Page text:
Anne Keothavong on London 2012
Originally published on: 27/07/12 00:00
I found out I’d been selected to represent Great Britain at this summer’s Olympics just before my first round match at Wimbledon. I thought the decision was going to be made later that week but the Tennis Team Leader for Team GB, Paul Hutchins, sent me a message just before I was about to go on court to say that I’d been given a wild card into the women’s singles which, along with the other four tennis events, will be held at the All England Club. He said the news was already starting to break on Twitter and he wanted to tell me first hand, rather than for me to read the news online just before I was due to go on court. To get that final confirmation was an amazing feeling.
There’s a lot of excitement that it’s an Olympic Games, but also that it’s the Games at home, in my home city. I’m looking forward to getting an idea of the whole Olympic feel of the event, and the week before the tournament begins on July 28 I’ll be staying in the Olympic Village in east London to get an idea of what that’s like. We’re all pushing to go to the Opening Ceremony on July 27, but at the moment it’s all up in the air because the tennis starts the following day. Once the tennis gets under way, I’ll move back to my own flat in Wimbledon Village as I live only a couple of miles from the All England Club, where I’m also a member.
It’s also significant for me since the majority of the events are going to be taking place in the London borough of Hackney where I grew up and started playing tennis. I hope there is a legacy to the Games in that area once the athletes have all gone home. Hopefully, the facilities that have been built will be used wisely and that after so much build-up to the Games it encourages not only young people, but adults too, to get involved in sport and to get fit.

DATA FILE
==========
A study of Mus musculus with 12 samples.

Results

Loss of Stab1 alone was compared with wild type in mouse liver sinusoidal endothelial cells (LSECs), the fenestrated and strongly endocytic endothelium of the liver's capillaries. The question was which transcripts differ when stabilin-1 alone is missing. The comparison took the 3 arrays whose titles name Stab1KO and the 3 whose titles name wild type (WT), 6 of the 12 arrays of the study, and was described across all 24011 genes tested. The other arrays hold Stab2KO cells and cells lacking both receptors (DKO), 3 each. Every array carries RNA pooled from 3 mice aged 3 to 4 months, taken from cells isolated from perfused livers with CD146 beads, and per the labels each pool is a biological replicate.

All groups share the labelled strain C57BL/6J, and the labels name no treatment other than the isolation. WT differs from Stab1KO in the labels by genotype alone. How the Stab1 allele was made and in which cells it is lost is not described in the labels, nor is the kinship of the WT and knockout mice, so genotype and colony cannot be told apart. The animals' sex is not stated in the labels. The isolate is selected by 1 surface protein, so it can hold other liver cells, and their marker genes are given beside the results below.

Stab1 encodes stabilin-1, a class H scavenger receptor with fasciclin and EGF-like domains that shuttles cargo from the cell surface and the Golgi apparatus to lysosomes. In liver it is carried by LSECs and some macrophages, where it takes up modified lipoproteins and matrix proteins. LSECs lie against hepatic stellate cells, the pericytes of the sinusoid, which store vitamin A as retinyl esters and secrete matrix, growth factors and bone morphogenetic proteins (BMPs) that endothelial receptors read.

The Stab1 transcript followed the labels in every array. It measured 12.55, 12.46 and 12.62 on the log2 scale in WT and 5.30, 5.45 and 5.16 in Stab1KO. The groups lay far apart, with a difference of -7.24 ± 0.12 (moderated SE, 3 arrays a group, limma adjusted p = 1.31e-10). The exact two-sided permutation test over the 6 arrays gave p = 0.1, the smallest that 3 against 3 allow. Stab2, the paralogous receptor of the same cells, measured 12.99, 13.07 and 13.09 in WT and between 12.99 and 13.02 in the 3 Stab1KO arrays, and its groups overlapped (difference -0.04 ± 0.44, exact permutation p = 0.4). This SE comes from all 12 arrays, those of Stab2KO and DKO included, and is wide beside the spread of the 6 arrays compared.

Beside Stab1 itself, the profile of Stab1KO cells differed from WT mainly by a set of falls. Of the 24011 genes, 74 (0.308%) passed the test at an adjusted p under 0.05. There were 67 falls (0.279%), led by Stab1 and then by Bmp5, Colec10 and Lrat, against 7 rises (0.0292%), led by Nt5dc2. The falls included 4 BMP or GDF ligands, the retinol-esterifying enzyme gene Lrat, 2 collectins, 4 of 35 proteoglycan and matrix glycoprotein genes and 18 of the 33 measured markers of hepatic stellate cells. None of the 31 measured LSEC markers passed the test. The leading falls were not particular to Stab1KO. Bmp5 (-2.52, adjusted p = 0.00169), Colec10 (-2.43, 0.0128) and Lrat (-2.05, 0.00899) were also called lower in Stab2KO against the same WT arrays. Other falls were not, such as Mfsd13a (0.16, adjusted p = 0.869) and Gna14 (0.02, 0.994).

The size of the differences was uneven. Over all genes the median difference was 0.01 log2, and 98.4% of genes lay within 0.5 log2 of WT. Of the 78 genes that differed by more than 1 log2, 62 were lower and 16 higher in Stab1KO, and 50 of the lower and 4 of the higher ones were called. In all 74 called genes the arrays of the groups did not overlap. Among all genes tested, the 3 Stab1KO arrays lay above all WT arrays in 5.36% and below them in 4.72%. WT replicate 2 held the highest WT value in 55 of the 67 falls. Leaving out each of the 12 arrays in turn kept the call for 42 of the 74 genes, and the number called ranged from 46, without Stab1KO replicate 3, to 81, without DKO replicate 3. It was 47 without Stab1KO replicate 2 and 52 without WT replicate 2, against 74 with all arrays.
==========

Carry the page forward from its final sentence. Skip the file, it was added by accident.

The only thing I was a little bit gutted about was that I wasn’t asked to carry the Olympic torch during its route around Britain as it goes past the end of my road where I grew up in Stoke Newington, in north-east London. I would have loved to have done that but I guess you can’t be too greedy!
I’ve been talking to a few of the tennis players who played at the 2008 Games in Beijing and a lot of them have said to me, ‘I wish I’d stayed a bit longer after the tennis had finished rather than rushing to the next tournament – I wish I’d experienced everything that the Games is about.’ So that’s definitely what I’ll be doing in London. I’m looking forward to watching some of the other sports – definitely track and field in the Olympic Stadium, fencing and taekwondo too, which is a sport I was involved in a lot when I was younger.
I have strong memories of watching the Athens and Beijing Olympics. I particularly remember Beijing and US swimmer Michael Phelps’ eight gold medals. I’d been to a tournament in Stanford, California, just before those Games and Phelps and the rest of the American swimming team were training there and were staying in our hotel. I remember being amazed at how much those guys ate for breakfast! It was ridiculous.
So all in all, I’m really excited about London. When I’m older and I’ve retired I can look back and say, ‘I’ve been an Olympian.’ But not only an Olympian, an Olympian at my home Games. It’s a life experience you’ll only ever have once.